Oamaru is teeming with artistic talent, often tucked away in solitary splendour with or without the lockdown, so we are prising open studio doors to meet the creative people inside. This week’s artist is Debbie Price-Ewen

Q What sort of art do you create?

I’m a Jill of all trades, with skills in mixed media, assemblage and small-scale model-making through to painting in oils, acrylic, watercolour and gouache. The art I’m creating at the moment, though, is inspired by contemporary Surrealist artists and the old masters of painting, as well as literature and Oamaru’s immensely diverse and colourful culture and environment.

Q Do you have formal training or are you more self-taught?

I have some formal training in art and design, but I am mainly self-taught through play and experimentation as well as the vast number of online learning resources.

Q How long have you been involved in this sort of art?

The current body of work that you see pictured has been in production since October last year. I have given myself one year to create a solo exhibition which I hope to have exhibited locally first, before taking it out to the big wide world.

Q What is its appeal to you?

As I’m constantly learning how to look at things and refine my artistic sensibilities, I’m looking to the painting masters of the 17th, 18th and 19th Centuries – artists such as Kiprensky, Adolphe Piot, Rembrandt, and a more recent discovery Fernand Khnopff. I am also a huge fan of the Surrealist painters: Leonora Carrington, in particular, as well as Dali. The more I study their work and learn about their art and their lives, the more inspired I become. The Surrealists were rule-breakers and explorers of the unknown. They were great adventurists! And I love adventure.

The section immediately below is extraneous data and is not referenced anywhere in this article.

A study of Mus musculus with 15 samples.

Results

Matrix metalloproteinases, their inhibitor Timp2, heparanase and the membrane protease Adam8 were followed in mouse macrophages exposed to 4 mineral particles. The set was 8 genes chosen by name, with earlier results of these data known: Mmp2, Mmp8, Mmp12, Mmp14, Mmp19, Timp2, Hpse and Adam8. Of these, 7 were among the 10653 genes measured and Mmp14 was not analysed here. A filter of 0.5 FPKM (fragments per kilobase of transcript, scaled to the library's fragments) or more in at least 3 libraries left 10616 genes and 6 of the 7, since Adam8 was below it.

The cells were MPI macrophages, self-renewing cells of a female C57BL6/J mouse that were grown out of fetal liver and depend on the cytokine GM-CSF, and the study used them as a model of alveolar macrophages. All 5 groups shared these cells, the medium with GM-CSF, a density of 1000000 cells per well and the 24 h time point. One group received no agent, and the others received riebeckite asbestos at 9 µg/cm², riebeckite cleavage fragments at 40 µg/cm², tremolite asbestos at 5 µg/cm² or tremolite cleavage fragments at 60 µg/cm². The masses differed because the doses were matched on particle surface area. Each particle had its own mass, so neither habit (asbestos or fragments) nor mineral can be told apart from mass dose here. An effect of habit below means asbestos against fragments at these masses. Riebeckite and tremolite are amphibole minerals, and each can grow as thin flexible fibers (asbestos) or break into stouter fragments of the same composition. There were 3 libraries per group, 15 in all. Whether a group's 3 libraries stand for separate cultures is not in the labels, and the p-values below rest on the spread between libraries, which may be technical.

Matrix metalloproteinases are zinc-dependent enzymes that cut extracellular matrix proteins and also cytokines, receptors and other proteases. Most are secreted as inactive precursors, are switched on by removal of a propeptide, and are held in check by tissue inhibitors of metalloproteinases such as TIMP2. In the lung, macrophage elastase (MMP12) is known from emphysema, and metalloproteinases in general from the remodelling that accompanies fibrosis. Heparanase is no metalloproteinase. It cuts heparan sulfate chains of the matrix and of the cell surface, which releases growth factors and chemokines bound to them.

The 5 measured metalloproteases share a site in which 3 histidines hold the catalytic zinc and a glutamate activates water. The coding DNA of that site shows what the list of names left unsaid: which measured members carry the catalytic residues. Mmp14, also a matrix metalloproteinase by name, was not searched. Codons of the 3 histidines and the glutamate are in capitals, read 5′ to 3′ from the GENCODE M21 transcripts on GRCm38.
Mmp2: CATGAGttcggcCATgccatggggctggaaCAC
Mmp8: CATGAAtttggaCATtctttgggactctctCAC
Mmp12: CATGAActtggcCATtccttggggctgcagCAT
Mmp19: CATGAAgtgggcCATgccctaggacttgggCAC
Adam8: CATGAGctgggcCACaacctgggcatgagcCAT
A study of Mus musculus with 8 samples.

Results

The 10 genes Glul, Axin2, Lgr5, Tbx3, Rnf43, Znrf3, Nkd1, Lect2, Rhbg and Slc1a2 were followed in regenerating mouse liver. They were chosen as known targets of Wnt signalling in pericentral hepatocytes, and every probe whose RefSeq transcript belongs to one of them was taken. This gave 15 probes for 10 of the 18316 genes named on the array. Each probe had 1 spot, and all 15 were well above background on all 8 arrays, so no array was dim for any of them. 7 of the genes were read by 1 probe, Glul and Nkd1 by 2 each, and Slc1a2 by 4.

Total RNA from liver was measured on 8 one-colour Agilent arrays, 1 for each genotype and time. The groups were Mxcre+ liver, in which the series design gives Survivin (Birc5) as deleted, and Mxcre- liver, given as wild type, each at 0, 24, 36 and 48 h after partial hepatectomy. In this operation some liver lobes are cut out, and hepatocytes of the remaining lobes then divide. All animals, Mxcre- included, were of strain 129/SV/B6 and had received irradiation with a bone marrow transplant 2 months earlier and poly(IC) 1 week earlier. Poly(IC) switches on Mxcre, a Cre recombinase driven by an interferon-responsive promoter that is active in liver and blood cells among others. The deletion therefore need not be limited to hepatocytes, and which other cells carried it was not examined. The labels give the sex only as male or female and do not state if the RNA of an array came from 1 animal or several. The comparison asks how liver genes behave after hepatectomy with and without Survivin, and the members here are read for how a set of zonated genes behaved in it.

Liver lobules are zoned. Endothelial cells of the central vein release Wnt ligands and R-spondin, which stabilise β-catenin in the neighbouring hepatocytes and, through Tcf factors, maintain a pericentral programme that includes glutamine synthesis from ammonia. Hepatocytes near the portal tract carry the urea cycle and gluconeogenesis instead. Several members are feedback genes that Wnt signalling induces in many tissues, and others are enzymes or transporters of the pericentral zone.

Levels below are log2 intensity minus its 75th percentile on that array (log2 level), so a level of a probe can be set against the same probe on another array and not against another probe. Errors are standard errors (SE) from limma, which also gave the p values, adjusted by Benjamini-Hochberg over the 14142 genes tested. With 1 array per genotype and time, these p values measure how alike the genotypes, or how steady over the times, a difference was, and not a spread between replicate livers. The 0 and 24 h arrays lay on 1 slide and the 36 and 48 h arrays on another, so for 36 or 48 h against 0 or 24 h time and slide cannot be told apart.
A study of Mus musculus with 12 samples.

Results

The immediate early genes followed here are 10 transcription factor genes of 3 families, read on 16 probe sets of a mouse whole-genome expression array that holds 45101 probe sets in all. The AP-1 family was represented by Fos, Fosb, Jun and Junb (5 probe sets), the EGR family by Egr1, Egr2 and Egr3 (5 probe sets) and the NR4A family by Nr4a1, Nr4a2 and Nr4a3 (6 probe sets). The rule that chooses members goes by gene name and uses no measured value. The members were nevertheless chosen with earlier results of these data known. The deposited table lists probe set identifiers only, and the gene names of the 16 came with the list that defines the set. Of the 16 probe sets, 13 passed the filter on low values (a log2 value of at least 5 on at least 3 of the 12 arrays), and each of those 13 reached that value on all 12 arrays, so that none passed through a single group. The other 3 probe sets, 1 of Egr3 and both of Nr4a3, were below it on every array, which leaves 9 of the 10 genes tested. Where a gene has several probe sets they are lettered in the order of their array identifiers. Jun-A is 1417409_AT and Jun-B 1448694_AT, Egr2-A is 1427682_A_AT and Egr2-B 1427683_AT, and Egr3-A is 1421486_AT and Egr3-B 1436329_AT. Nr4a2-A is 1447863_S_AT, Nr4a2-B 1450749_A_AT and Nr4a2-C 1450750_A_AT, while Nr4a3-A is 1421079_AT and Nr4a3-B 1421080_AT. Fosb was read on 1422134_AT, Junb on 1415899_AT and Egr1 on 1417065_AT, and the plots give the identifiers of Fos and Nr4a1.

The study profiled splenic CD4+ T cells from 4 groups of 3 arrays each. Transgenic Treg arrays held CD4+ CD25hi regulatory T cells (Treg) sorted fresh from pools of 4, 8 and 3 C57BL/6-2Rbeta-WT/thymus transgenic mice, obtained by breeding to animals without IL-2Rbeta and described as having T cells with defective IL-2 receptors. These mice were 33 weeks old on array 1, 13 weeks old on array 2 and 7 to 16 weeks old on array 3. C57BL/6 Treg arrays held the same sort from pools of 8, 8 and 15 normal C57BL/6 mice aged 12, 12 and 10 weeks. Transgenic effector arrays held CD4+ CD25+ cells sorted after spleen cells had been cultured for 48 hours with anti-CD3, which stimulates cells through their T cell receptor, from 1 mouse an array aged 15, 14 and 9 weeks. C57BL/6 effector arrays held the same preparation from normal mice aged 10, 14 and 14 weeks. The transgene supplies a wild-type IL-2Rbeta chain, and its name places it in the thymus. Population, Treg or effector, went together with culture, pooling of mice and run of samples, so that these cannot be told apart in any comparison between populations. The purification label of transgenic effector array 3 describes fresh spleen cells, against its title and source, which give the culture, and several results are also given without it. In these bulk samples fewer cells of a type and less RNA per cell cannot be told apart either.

Faraway look . . . Debbie Price-Ewen’s subjects and techniques reflect her wide interests. PHOTO: SUPPLIED

Q Do you experiment with new approaches and techniques?

Constantly. My current obsession is using watercolour and gouache together  Рlots of trial and error there, as one medium is quite opaque and if applied too heavily can muddy and deaden the work, while watercolour, although beautifully translucent and delicate, can be wildly unpredictable and difficult to control.

Q Are you planning to branch out into other art forms?

I’ve actually already started to: I’m currently making a Book Nook diorama. I work at the Oamaru Public Library and I’m desperately missing it and all my lovely customers. You can see my progress on this small-scale model on Instagram: @debrinapriceewen.

Q How does your art fit into the rest of your life – is it purely for relaxation, do you earn income from it, are you aiming to make it a career?

My eventual aim is to make it my career in my 65th year! In other words, I’ll retire from libraries (my first passion) and simply side-step into my art career. But for now, it’s a serious recreational pursuit that pays for itself.

Q How responsive is the local community to artists and their art?

Very! There is huge support in our community for local artists. The Waitaki district and surrounds are full of people who really respect and support all forms of art and culture. We are a very creative town, too, with many talented and highly skilled artists supporting other artists. You just need to go for a walk down to our old precinct to see the number of creative and collaborative outlets there are.

Q If you could design a perfect world, what role would art play?

Art should and would be everywhere. In fact, it already is: from the cars we drive to the buildings we live in, these things were once an idea in an artist’s head. More importantly, though, I think art should inspire us to question, reflect, feel and act: there is much delight and comfort to be taken from art as much as its ability to challenge status quo and tell the truth about the world we live in.